Biological Evolution and Moral Conscience
As part of the Markkula Center's yearlong series of talks on conscience, Francisco Ayala of the University of California, Irvine, member of the National Academy of Sciences, recipient of the Templeton Prize, the National Medal of Science, the Mendel Medal, and many more honors too numerous to list, came to campus to discuss the topic of whether biological evolution is compatible with the existence of a moral conscience. Here is a brief summary of what he said.
The overarching theme of Ayala's talk was that yes, indeed, biological evolution is compatible with the existence of a moral conscience. In fact, evolution is what makes us capable of having a moral conscience in the first place.
Ayala began his talk with the long view: the origin of the universe, the origin of life, the "Cambrian explosion" of animal evolution, the origin of primates, the origin of hominids, and finally, the origin of Homo sapiens. He discussed two anatomical traits that certainly set us apart from other apes: we are bipedal (we have two feet), and we have large brains. Bipedalism evolved first, and large brains second, with the advent of toolmaking. Toolmaking correlated with the human brain growing to three times its previous size over a 2 million year period, creating the intellectual capacity for culture, language, and other products of intelligence, including moral conscience, and moral codes.
Ayala then commented on how different cultural evolution is from biological evolution. Biological evolution relies on the reproductive success of individuals, while cultural evolution relies on the reproductive success of ideas. Cultural evolution can sweep changes across a population as fast as smart phones have swept across the world. We didn't inherit our smart phones from our parents – in fact that would be impossible, since when we were born, smart phones had not yet been invented. Instead, culture and tools evolved even during our lifetimes, providing the new tools we use today.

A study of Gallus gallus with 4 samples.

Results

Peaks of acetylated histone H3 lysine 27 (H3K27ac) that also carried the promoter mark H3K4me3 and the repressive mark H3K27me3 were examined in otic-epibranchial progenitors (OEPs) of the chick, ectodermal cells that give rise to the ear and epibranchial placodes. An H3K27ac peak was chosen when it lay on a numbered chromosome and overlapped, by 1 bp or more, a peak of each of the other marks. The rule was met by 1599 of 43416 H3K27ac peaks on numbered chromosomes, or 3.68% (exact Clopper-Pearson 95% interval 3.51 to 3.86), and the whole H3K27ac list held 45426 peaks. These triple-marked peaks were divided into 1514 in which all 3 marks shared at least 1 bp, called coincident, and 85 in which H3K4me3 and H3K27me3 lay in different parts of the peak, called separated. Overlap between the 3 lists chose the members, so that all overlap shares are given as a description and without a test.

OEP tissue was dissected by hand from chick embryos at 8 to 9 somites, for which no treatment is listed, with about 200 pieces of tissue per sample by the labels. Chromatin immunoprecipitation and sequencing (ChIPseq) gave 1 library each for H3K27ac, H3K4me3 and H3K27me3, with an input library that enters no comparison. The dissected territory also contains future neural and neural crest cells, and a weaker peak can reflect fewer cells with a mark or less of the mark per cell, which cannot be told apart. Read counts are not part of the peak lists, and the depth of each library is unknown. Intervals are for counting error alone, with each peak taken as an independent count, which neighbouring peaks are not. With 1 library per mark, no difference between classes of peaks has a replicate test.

Ayala used the example of the Ten Commandments to illustrate how culture can spread much more easily than biology. Very likely most of us in the room, he said, are not descended from the ancient Hebrews. And yet the Ten Commandments are part of our cultural inheritance. The cultural idea spread much faster than biology could have spread it. Culture is vastly more efficient at adaption, so much so that now we, through culture, adapt the environment to ourselves, and not ourselves to the environment. Humans are still tropical animals, for example, yet thanks to clothing we can live anywhere on the planet – not due to our genes, but due to our culture, Ayala explained.
Wrapping up, Ayala referred to Charles Darwin's the idea that any intelligent social animal will have morality. Evolution has given us the moral capacity, but the specifics of moral codes may vary, just as we all have the capacity for language, yet we do not all speak the same language. Ayala proposed three elements for the existence of a capacity for ethics, which brought his talk full circle. First, we need to be able to predict the consequences of our actions – this is a capacity we have because of toolmaking. Second, we need to be able to make judgments of good and bad – we can do this because of our ability to categorize, which relates to language. Third, we need the ability to choose between courses of action – which again relates to our ability to envision the future.
One questions raised by the audience was whether non-human animals could have a moral conscience. Ayala was firmly against this idea. Animals, he said, do not have sufficient self-awareness to know that they exist as individuals, and evidence to the contrary is "not real science." Another question concerned whether Ayala was a moral realist (someone who believes that moral norms are real, independent of humanity) or a constructionist (someone who believes that moral norms are just something humans arbitrarily make up). Ayala did not accept either category. Instead, he argued that moral norms are related to our biology and evolution. Evolution makes morality – including the human moral conscience – possible.
Brian Green is assistant director of Campus Ethics Programs at the Markkula Center for Applied Ethics.